Joyce to seek 5th District delegate seat

Hampstead Republican Jerome J. Joyce said yesterday he will run again for one of Carroll's 5th District delegate seats in 1994.

Mr. Joyce is an assistant state's attorney in Washington County. In 1990, he finished last in a three- way Republican primary, behind incumbent Richard C. Matthews of Hampstead and challenger Joseph H. Mettle of Eldersburg.


Mr. Matthews and Mr. Mettle, who finished last in the 1990 general election, have said they will run again in 1994.

Mr. Joyce, 45, said he believes he will have a better chance to be elected next year because Carroll will have a new, third seat in the 5th District as a result of redistricting in 1991.


He said he also has more legal experience now. He has worked as an assistant state's attorney in Washington County since October 1990. He graduated from the University of Baltimore School of Law in 1989 and practiced law for six months in a private Owings Mills firm before he became a prosecutor.

Mr. Joyce said he also has a small, private law practice in Hampstead.

In the September 1994 primary, the top three vote-getters from each party will advance to the November general election. In the general election, the top three vote-getters will be elected to the House of Delegates.

Last month, Manchester Republican W. David Blair, 44, was the first to announce he would run in the race. Mr. Blair, who has never run for public office, is president of the Carroll County Republican Club and a senior engineer at Bell Atlantic Network Services in Silver Spring.

Mr. Mettle, 59, said he will announce his candidacy in April. He is a retired federal government engineer and a former member of the Carroll County Republican Central Committee. He is chairman of the Linton Springs Community Association in South Carroll.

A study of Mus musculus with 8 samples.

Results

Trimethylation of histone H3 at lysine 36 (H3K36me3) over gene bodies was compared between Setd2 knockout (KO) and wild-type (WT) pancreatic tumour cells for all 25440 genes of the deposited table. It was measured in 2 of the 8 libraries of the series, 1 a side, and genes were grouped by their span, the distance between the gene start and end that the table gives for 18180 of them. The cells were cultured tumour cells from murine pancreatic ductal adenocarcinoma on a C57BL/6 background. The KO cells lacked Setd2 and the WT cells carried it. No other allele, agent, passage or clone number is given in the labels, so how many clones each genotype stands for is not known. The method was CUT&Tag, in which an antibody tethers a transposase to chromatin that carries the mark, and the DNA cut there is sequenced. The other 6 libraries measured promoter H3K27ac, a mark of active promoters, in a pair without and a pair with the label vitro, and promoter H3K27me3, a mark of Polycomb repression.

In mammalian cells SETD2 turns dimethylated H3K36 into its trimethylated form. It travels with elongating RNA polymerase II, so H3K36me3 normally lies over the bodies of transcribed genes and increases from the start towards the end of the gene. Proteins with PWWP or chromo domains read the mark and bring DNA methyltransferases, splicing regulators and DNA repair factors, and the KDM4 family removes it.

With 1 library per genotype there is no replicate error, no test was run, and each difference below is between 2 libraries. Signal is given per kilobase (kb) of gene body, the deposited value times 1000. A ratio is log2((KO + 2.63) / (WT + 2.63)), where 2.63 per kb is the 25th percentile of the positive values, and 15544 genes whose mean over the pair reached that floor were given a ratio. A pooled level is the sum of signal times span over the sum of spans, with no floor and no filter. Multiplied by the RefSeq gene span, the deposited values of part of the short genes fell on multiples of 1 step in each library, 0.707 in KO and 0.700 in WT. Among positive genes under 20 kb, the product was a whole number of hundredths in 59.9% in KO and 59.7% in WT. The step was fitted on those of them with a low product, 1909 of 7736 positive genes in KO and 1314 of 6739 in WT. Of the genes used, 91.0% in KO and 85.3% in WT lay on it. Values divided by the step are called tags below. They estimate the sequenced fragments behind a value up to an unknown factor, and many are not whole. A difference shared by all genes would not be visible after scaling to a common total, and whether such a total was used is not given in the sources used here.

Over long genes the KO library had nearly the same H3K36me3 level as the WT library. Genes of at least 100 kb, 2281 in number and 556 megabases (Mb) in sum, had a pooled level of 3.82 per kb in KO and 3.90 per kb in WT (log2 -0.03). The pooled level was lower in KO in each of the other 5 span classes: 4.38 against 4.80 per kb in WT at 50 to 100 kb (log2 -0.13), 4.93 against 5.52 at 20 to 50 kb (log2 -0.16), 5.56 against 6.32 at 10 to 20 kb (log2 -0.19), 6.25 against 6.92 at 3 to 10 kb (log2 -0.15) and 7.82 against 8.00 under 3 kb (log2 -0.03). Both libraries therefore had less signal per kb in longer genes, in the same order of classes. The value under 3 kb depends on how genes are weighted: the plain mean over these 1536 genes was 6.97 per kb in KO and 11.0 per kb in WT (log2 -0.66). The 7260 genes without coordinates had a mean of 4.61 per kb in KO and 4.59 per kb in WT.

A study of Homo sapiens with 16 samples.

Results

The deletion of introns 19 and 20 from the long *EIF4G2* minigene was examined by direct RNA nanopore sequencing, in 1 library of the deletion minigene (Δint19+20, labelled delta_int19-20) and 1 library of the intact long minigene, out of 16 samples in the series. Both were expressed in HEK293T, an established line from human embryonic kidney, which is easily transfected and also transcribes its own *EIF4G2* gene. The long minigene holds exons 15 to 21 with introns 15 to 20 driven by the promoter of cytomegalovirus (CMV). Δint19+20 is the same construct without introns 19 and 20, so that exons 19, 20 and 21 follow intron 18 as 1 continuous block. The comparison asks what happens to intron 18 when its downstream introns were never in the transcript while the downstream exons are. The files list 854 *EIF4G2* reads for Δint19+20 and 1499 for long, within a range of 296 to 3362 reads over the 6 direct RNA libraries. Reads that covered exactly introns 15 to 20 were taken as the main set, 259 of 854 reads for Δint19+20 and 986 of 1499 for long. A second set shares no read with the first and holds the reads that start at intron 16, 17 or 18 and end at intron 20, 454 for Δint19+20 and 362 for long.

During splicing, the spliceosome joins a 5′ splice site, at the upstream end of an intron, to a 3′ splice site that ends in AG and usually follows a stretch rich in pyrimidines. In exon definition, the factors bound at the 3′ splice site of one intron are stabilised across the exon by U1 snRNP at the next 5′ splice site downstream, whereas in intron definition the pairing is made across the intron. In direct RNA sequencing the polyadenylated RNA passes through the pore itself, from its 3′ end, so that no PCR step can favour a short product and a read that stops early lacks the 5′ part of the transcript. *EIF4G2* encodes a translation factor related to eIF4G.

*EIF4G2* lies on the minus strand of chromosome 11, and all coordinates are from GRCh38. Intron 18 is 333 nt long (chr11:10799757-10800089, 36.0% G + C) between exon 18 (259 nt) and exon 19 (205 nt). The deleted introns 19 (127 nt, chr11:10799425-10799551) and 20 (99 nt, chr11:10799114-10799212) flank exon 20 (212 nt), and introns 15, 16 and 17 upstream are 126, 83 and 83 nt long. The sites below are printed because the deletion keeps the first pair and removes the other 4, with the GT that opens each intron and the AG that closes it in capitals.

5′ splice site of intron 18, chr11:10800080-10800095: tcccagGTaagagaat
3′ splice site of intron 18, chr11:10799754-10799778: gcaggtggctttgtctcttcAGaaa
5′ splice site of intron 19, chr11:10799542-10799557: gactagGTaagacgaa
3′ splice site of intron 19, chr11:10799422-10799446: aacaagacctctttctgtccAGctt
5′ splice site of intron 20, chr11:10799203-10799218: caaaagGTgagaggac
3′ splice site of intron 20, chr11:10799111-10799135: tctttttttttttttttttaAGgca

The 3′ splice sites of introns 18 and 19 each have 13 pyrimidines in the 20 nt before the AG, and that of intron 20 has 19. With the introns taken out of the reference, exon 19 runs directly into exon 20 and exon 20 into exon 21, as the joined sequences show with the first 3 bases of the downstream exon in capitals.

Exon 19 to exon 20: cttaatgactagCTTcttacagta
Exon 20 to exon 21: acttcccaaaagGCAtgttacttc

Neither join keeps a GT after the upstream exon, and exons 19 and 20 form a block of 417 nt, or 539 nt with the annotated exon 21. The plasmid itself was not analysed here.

Mr. Matthews has been a delegate since 1967.

Republican Carroll Commissioner Julia W. Gouge said she also is considering running for a House of Delegates seat.

Among local Democrats, 5th District incumbent Richard N. Dixon of Westminster said he will seek re-election. He has been a delegate since 1983.


Democrat Ellen Leahy Willis of Westminster is expected to run, party officials said. She finished third in 1990 behind Mr. Dixon and Mr. Matthews in the general election. She could not be reached for comment yesterday.

Mr. Joyce said he will emphasize tax and crime issues in his campaign.

"We are grossly overtaxed," he said.

U.S. citizens should not pay more than one-third of their gross income in taxes, Mr. Joyce said.

He also advocates changing the way property is assessed in Maryland to impose a cap on tax increases.

Mr. Joyce said that if he is elected he would work to unclog the judicial system. The attorney, who has prosecuted murder and other criminal cases, said he is interested in domestic violence law.


He has been a motorcycle rider for 29 years, has taught motorcycle safety courses and has lobbied in Annapolis against helmet and seat belt laws.

"I don't like to see government involved in people's lives when it doesn't belong," he said.

Mr. Joyce and his wife, Cynthia, have been married for 21 years. They have a daughter, Megan, 19.